Over 1,000 libraries are running events for National Libraries Week, beginning today (9th October), in a bid to “celebrate the transformation of libraries across the UK”.
The inaugural Libraries Week has run will see a “huge” variety of creative activities on offer, including activities introducing people to coding, 3D printing and video making, as well as reading-based activities.
The campaign is led by CILIP, the library and information association, and supported by libraries and partners across the UK.
Nick Poole, CILIP chief executive said: "All over the UK, libraries are seeing a renaissance, transforming their services to meet the needs of a new digital generation. With 250 million visits a year and 15-24 year olds more likely to use their local library than any other age group, Libraries Week is a chance to celebrate the innovative work going on across all types of library."
A number of partners have teamed up with the library network, including BBC Make It Digital, which is marking the 30th anniversary of the Great Storm by encouraging people to get online at their local library, so they can sign up as Weather Watchers and post their weather photos.
All 325 of London’s public libraries will take part in Libraries Week, hosting a series of free artistic events as part of a new London Libraries Festival, Worlds of Possibilities, which features names such as actress Jessica Hynes, bassist Jah Wobbie and libraries minister John Glen. The festival will run from 11th - 14th October.
Anthony Hopkins, the president of the Association of London Chief Librarians, said of the new festival: “There are the national festivities going on with National Libraries Week and this is London’s opportunity to demonstrate what it has to offer to its residents. This is the first time we have been able to put this festival together and I am really pleased to see such a great range of artists who are also huge supporters and advocates of libraries.”
Later on in the week on 12th October, the winner of the 2017 CILIP Libraries Change Lives Award will be announced in London by three time Kate Greenaway Medal winning illustrator and former children’s laureate, Chris Riddell. The week will also see illustrator Sarah McIntyre take part in the first ever mass Readathon reaching 20,000 school children across Liverpool.
McIntyre said: “I get asked to support a lot of charities, but the one I've chosen to champion is Read for Good, because what they do is so important: bringing books to children in hospital. The Readathon is a great way to encourage empathy in children who support Read for Good, helping them imagine what it would be like to be in hospital, possibly for very long stays; how stories might inspire a child who's poorly to imagine bigger and better things outside the walls of the ward.”
Last week, Andersen Press published the first picture book authored by poet Joseph Coehlo in dedication to the initative, Luna Loves Library Day, illustrated by Fiona Lumbers.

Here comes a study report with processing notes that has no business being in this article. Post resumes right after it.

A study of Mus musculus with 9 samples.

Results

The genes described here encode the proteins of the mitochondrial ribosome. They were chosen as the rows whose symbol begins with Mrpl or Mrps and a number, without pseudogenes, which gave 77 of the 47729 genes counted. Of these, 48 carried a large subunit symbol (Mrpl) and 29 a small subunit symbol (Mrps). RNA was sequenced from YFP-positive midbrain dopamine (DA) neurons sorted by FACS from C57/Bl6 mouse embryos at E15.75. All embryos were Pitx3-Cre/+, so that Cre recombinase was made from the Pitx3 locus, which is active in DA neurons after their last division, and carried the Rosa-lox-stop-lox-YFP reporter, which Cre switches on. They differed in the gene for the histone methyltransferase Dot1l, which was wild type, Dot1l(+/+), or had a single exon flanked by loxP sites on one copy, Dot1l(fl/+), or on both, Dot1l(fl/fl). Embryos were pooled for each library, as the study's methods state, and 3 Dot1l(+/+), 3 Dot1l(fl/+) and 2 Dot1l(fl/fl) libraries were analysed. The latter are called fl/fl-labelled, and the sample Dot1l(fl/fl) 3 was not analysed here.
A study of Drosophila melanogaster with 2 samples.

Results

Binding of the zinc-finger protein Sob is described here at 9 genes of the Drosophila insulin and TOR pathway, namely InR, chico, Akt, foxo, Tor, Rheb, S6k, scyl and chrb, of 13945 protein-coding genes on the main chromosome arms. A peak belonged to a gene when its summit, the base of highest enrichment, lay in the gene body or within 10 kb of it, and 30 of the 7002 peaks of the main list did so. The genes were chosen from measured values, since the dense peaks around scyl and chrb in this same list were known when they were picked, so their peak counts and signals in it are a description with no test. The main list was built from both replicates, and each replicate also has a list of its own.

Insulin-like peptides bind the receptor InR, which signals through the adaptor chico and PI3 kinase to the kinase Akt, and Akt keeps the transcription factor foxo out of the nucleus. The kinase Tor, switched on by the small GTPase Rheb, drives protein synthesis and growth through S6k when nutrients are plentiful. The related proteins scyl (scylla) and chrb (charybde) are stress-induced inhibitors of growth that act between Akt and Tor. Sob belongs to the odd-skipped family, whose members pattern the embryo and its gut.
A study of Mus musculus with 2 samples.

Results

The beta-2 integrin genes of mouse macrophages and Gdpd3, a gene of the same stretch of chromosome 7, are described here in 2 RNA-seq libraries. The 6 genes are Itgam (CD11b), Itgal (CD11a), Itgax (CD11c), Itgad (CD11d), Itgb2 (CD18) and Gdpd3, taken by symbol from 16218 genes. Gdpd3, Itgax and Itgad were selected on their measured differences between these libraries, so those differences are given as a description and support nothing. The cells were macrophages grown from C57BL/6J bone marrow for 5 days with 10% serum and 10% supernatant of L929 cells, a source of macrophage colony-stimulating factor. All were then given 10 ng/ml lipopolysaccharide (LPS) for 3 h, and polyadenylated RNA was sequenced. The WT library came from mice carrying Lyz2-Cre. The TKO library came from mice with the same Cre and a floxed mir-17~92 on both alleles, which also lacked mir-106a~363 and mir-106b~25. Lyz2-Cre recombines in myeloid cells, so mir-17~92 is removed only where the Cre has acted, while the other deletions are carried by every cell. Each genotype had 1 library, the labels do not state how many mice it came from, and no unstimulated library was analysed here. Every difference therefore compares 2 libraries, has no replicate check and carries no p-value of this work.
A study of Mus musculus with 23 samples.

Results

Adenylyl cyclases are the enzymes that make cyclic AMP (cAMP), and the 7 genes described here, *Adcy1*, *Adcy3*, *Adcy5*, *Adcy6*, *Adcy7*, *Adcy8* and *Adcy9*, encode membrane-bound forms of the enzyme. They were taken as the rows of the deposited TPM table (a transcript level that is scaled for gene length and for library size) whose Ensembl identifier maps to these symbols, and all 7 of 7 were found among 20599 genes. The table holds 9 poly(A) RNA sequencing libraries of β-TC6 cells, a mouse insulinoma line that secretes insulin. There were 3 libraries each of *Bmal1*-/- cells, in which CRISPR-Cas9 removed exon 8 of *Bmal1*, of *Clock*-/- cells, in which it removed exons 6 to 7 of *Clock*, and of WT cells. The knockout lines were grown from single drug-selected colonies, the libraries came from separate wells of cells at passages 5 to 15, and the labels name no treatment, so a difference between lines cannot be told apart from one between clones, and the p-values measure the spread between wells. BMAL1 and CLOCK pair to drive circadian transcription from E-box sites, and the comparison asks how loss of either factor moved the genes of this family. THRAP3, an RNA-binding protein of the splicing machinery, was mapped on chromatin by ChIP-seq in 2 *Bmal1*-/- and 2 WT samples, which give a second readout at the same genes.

Coehlo said: “Luna Loves Library Day is about the magic of libraries, the wonder of ink on paper, but also about their essential role in helping and aiding families, in being a safe space for everyone and anyone to learn and to discover and I truly believe that it is only through such spaces that we can support our children, shore-up our families and heal our communities."
While campaigners welcome the "postive buzz" around libraries during National Libraries Week, some have argued the week does not address the issue of the government's "neglect of a great public service".
Children's author and campaigner Alan Gibbons, who helped launch National Libraries Day in 2012 (which has now been replaced by National Libraries Week), said: "It is good to see such a positive buzz about libraries as thoughts turn to National Libraries Week. It would be an abdication, however, to pretend that the event takes place in an entirely positive background. Under this government we have seen hundreds of libraries close, a quarter of library staff made redundant, book stocks and opening hours reduced and too many staff replaced by volunteers. Addressing these issues are not within the remit of National Libraries Week and I stepped back from involvement in it some time ago to be able to speak out against the government’s neglect of a great public service."
He added: “So, in short, good luck to what will be an excellent series of events, but I want to see a change of heart in the corridors of power and much better leadership of the sector at government level.”
Ian Anstice, editor of Public Libraries News, said: "I'm delighted to see all the events going on for National Libraries Week. It's starting to be bedded in to the service plans of most, if not all, library services, and that can only be a good thing. The hope is that such a Week will publicise the wonderful services that libraries provide. This needs to be done to those who do not use libraries as well as those that do. As such, I am concerned that the Week appears not to as yet received a large degree of coverage in the national media.
"Having said that, this Week is being produced on a shoestring budget, and shows what can be done with just willpower. Now imagine what could be achieved if some serious cash would be directed towards publicity. This has always been the Achilles heel of libraries, locally or nationally, with almost none having any significant public relations budget at all."